Not every company is big enough to implement traditional MDM solutions, but the smaller ones are still trying to find ways to manage their corporate data.
With the increasingly stringent regulatory requirements to tame the latest wolves of Wall Street, more financial institutes are turning towards proactive monitoring tools to avoid fraud. As big data is becoming a helpful tool to detect and alert potential fraud, the technology is also raising concern over its impact on personal data privacy.
'You almost have to be a superhuman with 25 hours a day to spend on security issues to be an effective large retailer CIO these days. And that simply doesn't exist.'
How do you know your employees retain what you teach them in company-required security awareness training? You don't -- unless you regularly test their security savvy and effectively address their mistakes during post-test follow-up sessions.
Your Gmail account probably contains some sensitive information--emails from your friends and family members, information about accounts for other services, candid pictures, you name it. What if someone else has been poking around in there? Fortunately, Google gives you the tools necessary to find out.
So with all the legal uncertainty around cloud you simply have no choice but to take control and be responsible for your own data. Here are five data privacy protection tips to help you tackle the issue of cloud privacy.
Jim Thompson, CTO, Unisys, talks to Computerworld India about the company’s Forward! solution, the state of the Unix mission critical market and how India figures in Unisys’s future plans.
Niall King, Regional VP, APAC, Barracuda Networks, talks about the competition, trends in its customer space, and why its USPs make it a vendor of choice among Indian organizations.
The Head of Product Development Division, Magnasoft Northstar, Kunal Ashar talks about how the cloud has helped the company to grow and be more competitive in the market.
In this roundup of tech news from ComputerWorld for the week 06 - 10 January, 2014, we talk about the status of Microsoft's CEO search, NASSCOM appointing a new president, wearable tech making a strong showing at CES 2014, Intel dropping the McAfee name, and Tablets out-shipping PCs in the current year.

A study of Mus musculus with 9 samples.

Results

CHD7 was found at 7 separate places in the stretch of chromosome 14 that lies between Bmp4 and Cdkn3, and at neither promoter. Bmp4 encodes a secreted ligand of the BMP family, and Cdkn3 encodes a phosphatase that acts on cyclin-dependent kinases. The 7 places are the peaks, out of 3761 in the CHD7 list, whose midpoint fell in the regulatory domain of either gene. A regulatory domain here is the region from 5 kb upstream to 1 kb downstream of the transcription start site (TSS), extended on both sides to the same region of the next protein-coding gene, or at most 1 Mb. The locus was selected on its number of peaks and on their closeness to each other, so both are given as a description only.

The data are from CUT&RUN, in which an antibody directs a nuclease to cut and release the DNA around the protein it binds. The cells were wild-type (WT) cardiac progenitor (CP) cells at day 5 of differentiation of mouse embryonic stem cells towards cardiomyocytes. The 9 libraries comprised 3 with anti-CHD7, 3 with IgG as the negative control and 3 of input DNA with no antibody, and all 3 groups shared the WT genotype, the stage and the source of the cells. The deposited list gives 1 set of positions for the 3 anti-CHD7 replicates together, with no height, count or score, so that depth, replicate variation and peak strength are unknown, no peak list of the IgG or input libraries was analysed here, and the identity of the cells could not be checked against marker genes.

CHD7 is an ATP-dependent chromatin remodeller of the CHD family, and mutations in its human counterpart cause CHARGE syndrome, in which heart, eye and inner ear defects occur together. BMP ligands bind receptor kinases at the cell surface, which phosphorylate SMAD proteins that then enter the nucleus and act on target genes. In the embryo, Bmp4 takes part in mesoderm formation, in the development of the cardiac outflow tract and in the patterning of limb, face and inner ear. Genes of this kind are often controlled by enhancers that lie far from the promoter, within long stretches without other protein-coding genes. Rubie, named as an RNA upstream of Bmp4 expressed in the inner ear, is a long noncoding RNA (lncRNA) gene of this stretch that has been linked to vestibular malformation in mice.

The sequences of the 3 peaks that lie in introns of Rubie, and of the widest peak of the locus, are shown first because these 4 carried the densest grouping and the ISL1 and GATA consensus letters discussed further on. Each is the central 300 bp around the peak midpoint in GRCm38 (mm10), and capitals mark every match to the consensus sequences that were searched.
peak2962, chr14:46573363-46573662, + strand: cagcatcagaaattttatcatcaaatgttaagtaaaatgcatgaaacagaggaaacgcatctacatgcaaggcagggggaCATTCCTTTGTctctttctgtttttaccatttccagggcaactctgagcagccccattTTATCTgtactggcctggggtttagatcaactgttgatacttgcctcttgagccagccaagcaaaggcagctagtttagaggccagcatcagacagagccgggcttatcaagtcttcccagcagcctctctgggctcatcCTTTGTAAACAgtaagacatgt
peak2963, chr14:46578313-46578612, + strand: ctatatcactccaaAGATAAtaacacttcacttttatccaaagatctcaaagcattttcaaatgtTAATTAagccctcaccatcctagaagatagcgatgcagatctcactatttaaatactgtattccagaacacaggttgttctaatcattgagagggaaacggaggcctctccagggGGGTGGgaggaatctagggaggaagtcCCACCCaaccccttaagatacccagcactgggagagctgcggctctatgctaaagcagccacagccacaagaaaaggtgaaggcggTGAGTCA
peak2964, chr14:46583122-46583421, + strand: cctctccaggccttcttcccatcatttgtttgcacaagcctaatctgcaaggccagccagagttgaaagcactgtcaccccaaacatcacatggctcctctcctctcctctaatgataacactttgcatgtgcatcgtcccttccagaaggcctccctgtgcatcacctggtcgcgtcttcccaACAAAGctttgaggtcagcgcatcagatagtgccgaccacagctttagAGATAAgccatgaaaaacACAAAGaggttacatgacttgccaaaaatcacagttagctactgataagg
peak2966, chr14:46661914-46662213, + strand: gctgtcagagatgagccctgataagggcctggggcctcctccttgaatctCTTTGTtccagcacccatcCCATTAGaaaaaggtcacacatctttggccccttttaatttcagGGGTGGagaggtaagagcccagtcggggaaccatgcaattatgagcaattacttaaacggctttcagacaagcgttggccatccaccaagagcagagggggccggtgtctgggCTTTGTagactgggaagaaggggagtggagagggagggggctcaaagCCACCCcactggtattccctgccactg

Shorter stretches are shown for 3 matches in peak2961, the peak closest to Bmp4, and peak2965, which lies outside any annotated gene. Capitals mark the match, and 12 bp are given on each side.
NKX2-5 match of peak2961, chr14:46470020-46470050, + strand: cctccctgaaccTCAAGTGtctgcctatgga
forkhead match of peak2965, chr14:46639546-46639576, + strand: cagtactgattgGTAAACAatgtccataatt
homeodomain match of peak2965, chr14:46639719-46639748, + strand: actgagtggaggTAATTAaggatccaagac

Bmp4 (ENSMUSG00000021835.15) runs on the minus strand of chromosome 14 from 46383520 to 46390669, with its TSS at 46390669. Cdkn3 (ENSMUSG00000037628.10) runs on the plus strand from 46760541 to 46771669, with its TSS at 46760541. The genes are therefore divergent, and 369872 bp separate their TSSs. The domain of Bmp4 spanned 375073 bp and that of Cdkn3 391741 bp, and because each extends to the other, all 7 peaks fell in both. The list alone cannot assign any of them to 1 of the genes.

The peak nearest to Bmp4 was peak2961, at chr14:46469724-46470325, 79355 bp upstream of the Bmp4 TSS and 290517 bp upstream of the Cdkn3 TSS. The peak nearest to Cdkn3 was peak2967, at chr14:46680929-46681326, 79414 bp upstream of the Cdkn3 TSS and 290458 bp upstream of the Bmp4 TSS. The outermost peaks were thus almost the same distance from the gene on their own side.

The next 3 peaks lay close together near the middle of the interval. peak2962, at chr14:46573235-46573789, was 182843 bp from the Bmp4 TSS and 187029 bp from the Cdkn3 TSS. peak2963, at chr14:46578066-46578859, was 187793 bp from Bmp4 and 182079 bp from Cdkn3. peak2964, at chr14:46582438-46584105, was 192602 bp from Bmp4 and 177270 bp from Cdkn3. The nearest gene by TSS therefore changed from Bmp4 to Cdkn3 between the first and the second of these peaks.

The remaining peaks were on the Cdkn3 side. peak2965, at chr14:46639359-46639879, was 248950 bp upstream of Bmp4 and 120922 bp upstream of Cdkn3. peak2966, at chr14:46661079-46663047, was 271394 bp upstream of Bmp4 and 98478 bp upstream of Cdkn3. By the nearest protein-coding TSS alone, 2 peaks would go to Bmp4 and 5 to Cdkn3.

In this roundup of tech news from ComputerWorld for the week 02 - 06 December, 2013, we talk about Amazon Drone, Twitter fake followers, Indian Smartphone market, Botnet and Google's Compute Engine.
In this roundup of tech news for the week 18 - 22 November, 2013 we talk about Google, Yahoo, Microsoft, Salesforce.com and the Indian IT market.
A malware campaign of yet-to-be-determined origin is infecting jailbroken iPhones and iPads to steal Apple account credentials from SSL encrypted traffic.
Gone are the days when a company could deploy a standalone security appliance to protect an entire network, McAfee network security general manager, Pat Calhoun says.
The security researcher who first found a vulnerability affecting more than 20 different router models says the patch meant to fix it only hides the initial weakness and doesn't remove it whatsoever.
Earlier this week, I posted a question to Twitter and one reader offered an interesting rant on the topic, one that I felt was worth sharing.
As support for Windows XP comes to an official end, the real security lesson is hidden. Broader than what to do about it today is the consideration of what it means for the future.
Data is powerful -- but it's also dangerous. The wrong data falling into the wrong hands can have devastating consequences.
In a recent presentation for The International Association of Privacy Professionals (IAPP) Privacy Academy, Michael Bruemmer of Experian Data Breach Resolution outlined some the common mistakes his firm has seen as organizations deal with the aftermath of a breach.
If you are a looking to understand the internet spectrum, from knowing which country contributes the most to the attack traffic, to, which country boasts having the highest internet speeds, Akamai’s “State of the Internet” report is a good place to start from.
Not all apps are fun. Some apps are virtual Trojan horses that swipe personal data when consumer's are not looking and become a serious security threat if you employees also bring personal devices to work. Appthority has put together a list of some of the worst offenders for you to blacklist off in your BYOD policy.